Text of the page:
Navigation in website design typically only includes the same basic menu items, modestly sit in the header, and always greets the viewer from the outset. Since the popularization of the hamburger button, nothing earth-shattering has happened in navigation design.
But some web designers have dared to change that by using the unconventional yet elegant sticky vertical menu. They tend to be more compact, minimal, and beautifully make use of vertical lettering.
There are several reasons why some websites will choose to use vertical navigation:
- First, they are compact, making them ideal for those who need or want to use up the entire hero section of a website.
- Second, their sizes are typically suited for use on both desktops and mobile devices alike.
- Third, thanks to their stickiness, they are perfect guides and anchor points, making the user experience much more comfortable.
- And finally, continually displaying the logo or name of the website is an easy way to enhance brand identity.
To experience the vertical navigation for yourself, take a look at the inspiring examples we have collected for you below. You will love the results!
Our first stop is to the personal portfolio of Austin McKinney. Here, the vertical navbar includes only the essentials: a hamburger button, links to social media profiles, the logo, and the designer’s occupation. As well as a beautifully designed vertical navbar, this website is also the perfect blend of ultra-minimalism and ultra-narrow design.
The creators of Editorial New show us that vertical navigation works regardless of color, stylistic options, or interactive details. Their navbar includes just one element – the hamburger button. It opens a lovely slide-out menu with a table of contents. Since the navigation has been stuck to the left side of the screen, users always have quick access to the menu wherever they are on the site.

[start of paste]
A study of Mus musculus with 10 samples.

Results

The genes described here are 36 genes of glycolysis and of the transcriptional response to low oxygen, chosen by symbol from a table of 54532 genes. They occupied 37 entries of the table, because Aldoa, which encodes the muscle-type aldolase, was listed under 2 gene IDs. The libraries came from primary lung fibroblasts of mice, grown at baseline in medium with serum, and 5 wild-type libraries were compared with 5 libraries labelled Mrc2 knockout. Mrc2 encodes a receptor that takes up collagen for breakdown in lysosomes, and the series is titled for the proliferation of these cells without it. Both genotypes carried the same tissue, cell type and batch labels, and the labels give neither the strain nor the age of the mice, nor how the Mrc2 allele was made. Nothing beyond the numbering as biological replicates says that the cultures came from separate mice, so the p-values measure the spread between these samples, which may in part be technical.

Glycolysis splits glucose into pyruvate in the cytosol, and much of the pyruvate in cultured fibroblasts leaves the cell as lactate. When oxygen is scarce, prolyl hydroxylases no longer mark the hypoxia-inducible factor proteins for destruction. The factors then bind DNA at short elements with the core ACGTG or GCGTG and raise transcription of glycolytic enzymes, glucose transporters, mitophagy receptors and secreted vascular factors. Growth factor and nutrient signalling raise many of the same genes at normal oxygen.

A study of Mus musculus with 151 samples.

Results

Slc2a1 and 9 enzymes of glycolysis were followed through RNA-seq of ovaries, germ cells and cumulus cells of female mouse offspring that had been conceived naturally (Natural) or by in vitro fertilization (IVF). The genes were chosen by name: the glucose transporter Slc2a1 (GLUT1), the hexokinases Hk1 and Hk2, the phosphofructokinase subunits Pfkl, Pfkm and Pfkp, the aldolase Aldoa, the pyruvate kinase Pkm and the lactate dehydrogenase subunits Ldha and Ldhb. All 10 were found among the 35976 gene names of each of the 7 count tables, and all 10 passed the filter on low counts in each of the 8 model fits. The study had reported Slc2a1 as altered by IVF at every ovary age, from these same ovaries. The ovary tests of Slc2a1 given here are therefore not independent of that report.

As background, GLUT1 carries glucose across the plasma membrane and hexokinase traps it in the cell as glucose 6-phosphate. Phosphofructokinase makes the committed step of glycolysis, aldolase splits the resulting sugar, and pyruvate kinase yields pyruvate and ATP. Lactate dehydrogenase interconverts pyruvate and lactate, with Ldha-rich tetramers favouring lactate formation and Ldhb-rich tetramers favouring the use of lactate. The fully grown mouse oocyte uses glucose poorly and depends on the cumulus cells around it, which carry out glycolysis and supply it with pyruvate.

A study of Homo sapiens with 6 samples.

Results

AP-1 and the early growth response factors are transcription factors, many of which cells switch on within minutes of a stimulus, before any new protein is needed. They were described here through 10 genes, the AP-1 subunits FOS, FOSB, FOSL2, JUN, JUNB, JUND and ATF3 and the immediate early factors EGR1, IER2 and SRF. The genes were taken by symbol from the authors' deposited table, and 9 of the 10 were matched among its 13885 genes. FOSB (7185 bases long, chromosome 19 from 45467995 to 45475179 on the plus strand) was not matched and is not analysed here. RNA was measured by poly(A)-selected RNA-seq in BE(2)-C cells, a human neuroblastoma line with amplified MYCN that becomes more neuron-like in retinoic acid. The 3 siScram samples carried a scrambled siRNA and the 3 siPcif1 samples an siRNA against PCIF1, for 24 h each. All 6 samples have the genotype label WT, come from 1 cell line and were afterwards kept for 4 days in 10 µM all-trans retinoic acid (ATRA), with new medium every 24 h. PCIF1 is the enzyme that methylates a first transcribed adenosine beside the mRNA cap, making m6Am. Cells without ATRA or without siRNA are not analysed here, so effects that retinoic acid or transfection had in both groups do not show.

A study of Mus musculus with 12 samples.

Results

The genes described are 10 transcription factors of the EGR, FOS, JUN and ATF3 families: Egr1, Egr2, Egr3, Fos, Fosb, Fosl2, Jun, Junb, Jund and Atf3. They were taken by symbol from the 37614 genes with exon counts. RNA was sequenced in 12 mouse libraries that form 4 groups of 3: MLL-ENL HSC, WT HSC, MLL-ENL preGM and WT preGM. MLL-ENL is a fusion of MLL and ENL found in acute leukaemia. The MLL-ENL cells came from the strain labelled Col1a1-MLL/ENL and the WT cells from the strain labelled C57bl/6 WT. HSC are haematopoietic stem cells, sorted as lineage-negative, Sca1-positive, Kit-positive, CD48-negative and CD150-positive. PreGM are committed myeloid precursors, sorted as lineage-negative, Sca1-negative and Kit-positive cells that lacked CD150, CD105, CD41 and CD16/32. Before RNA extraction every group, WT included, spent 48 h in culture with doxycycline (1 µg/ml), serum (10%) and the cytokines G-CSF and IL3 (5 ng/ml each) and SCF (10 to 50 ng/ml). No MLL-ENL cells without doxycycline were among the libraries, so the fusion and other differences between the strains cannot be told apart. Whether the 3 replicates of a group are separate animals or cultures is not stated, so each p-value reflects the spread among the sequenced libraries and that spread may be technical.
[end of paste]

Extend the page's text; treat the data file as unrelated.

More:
The vertical navbar of Crowdfunding Formula is located on the right side of the page. Although we are not accustomed to seeing it there, it nevertheless works perfectly well. What’s more, thanks to the contrasting orange color of the menu button, it naturally catches an eye.
The team behind NSDI uses a vertical navbar for displaying not just the hamburger button, but also the pagination of a full-screen slider. Another distinctive feature is that all of the elements move with the user. Here, they have an ultra-narrow vertical navbar and corner navigation that co-work together in order to create a comfortable user experience.
The official website of Villa Corvi has not one but two ultra-narrow vertical navigation bars. The first is used for displaying their social media links, whereas the second houses the button for activating the inner menu. Along with the upper header, these two strengthen the subtle boxy feel of the website. Note that only the right panel sticks to the screen and moves along with the user.
Much like Editorial New above, TedCo’s vertical navbar is a part of the corner navigation, looking elegant and informative, and completes the sophisticated design of the UI. The vertical navbar stays where it is, giving users the always useful focal point when navigating a website.
The detailed navigation bar of Rogue Studio is an excellent example of a solution where all of the menu items are on full display to the audience. Although the component looks more cluttered than our other examples, it has one significant advantage over them. It gives users everything that they need to navigate the website without having to perform any secondary function.
Making navigation vertical can breathe new life into any website. Even though they are not something new, they feel somewhat bold, refreshing, and worth trying out.